A barrister representing one of the men accused of murdering Michaela Harte is to seek a formal inquiry into how the Mauritian police are carrying out their investigation.
Ravi Rutnah said things were "not adding up" and he would be requesting an independent inquiry at the next court appearance of the three men who have been charged.
The prime minister and president of Mauritius are pushing for the reintroduction of the death penalty after the killing.
The three hotel employees are due in court on Wednesday for a short procedural hearing.
Mr Rutnah -- who is representing Abinash Treebhoowoon -- said he had "doubts over a lot of things".
Mr Treebhoowoon has made a confession to police about his part in the crime, but Mr Rutnah has raised serious concerns about how this was obtained.
It is being alleged Mr Treebhoowoon went into the room with a work colleague with the intention of stealing money and killed Michaela when they were disturbed.
"We are going to make a complaint against the police on Wednesday and also a complaint about the investigation here," said Mr Rutnah.
At the men's first court appearance, Mr Rutnah sought and was granted an inquiry into allegations of police brutality against his client.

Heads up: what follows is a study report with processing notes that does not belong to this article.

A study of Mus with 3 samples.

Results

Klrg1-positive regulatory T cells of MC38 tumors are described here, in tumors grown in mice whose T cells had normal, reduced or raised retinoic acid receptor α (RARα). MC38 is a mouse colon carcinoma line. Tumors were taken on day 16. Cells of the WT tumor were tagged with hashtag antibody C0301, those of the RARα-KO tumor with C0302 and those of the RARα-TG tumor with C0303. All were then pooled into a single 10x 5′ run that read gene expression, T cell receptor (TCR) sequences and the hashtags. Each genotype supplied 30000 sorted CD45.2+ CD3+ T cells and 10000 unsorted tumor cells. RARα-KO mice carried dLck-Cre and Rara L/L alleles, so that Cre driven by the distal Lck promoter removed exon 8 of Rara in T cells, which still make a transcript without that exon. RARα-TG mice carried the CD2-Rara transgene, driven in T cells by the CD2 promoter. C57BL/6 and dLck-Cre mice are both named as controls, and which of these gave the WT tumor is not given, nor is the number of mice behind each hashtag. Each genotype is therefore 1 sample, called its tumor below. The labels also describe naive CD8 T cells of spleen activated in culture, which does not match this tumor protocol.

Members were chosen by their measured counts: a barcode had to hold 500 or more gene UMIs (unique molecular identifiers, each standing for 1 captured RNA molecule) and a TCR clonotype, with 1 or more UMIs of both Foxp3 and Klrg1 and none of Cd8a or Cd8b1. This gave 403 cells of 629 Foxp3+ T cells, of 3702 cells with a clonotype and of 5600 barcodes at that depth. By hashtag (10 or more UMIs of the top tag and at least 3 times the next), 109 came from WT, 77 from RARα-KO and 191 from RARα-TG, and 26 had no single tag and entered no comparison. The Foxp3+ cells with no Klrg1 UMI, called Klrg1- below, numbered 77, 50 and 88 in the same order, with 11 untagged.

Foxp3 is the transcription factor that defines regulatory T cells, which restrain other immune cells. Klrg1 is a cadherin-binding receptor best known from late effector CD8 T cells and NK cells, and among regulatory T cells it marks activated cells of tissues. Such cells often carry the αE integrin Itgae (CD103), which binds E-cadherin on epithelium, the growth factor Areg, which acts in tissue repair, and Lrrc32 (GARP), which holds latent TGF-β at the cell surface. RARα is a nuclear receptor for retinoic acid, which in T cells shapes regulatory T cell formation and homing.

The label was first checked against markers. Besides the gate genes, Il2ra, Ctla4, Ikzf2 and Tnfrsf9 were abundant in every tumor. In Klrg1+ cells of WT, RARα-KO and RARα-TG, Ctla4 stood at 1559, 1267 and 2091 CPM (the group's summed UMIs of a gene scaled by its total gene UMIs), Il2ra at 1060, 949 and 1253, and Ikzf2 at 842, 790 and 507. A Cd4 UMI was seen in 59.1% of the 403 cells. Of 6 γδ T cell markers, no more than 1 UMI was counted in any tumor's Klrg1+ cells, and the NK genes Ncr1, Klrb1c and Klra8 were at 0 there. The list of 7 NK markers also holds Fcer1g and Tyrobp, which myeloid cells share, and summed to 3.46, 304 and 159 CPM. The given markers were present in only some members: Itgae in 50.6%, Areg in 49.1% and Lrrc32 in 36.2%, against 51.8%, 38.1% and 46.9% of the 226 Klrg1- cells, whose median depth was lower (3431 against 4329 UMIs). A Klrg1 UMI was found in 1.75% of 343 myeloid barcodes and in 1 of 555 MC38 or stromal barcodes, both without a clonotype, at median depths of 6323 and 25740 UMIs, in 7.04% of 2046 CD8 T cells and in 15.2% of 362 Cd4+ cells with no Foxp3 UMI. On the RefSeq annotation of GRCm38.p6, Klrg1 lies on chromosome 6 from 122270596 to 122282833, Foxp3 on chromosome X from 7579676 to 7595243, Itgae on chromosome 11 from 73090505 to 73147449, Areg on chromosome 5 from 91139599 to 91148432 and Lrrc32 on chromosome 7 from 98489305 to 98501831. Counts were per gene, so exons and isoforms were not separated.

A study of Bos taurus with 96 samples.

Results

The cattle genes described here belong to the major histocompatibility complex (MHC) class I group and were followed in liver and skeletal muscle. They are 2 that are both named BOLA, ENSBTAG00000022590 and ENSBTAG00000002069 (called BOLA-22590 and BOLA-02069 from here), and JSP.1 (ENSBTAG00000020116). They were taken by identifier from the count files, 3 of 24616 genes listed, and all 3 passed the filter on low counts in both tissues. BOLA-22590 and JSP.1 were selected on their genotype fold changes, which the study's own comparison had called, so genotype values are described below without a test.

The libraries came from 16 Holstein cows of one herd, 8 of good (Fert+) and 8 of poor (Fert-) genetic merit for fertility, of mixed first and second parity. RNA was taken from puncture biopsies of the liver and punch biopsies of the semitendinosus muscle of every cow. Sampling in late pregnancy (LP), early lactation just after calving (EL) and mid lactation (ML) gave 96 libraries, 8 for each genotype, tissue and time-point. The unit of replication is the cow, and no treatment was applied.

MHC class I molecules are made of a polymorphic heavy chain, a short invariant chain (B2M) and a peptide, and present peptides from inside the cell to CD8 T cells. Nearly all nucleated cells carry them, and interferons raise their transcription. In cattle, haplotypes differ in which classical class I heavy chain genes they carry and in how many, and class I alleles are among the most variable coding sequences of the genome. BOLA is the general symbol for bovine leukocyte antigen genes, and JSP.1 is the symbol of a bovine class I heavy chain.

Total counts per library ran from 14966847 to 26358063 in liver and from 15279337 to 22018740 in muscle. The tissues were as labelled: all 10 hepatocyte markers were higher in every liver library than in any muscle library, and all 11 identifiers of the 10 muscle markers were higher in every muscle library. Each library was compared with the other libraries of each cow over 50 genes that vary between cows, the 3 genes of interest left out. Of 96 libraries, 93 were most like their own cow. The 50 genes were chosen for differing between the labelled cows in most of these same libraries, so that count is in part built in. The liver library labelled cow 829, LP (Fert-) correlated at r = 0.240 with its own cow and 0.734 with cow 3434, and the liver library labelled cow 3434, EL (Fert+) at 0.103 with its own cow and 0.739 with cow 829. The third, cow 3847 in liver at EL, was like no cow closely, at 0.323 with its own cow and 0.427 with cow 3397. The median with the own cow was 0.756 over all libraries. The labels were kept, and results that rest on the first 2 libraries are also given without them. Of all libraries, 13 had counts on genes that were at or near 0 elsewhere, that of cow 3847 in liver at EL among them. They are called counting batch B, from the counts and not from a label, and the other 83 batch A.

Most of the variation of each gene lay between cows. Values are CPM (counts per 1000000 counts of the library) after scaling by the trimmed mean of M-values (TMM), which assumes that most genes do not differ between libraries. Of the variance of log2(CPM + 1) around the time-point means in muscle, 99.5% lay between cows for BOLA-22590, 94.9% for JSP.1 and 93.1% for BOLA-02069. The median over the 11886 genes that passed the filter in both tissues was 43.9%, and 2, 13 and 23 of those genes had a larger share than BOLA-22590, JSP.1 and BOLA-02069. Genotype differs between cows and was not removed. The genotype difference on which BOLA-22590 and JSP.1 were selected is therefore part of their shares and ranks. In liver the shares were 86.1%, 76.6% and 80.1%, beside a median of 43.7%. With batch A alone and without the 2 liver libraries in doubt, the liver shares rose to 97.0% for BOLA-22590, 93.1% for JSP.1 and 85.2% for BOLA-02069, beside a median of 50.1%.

"I was not allowed to advise my client on his constitutional rights," he said. "I doubt very much everything that was said (in the confession)."
He said he was present when the 29-year-old signed the confession -- but he said the police read out the statement based on previous interviews and he never heard his client verbalise his confession. "I could see the physical pressure on him and also on me," he said.
A second barrister for the room attendant was reportedly threatened with jail when he tried to advise his client that it was his right to remain silent.
"Everything was basically moulded, prepared for him," added Mr Rutnah.
He said he was also bringing the matter to the attention of the International Human Rights Commission, the International Bar Association and the Bar Council in Mauritius.
Investigating officers have denied any allegations of police brutality or impropriety.
Ranjit Jokoo, investigating officer with the Major Criminal Investigation Team, said they were continuing to interrogate one of the accused, Sandip Moneea, who has not yet made a confession.
Raj Theekoy, who has been charged with conspiracy to murder, has made a confession to police. The families of all three men have protested their innocence.
Yesterday, the brutal killing remained front-page news.
Newspapers reported how the president and prime minister wanted the death penalty reintroduced. It was abolished in 1995.
Prime Minister Navin Ramgoolam also gave a guarantee that whoever killed Michaela "would be caught".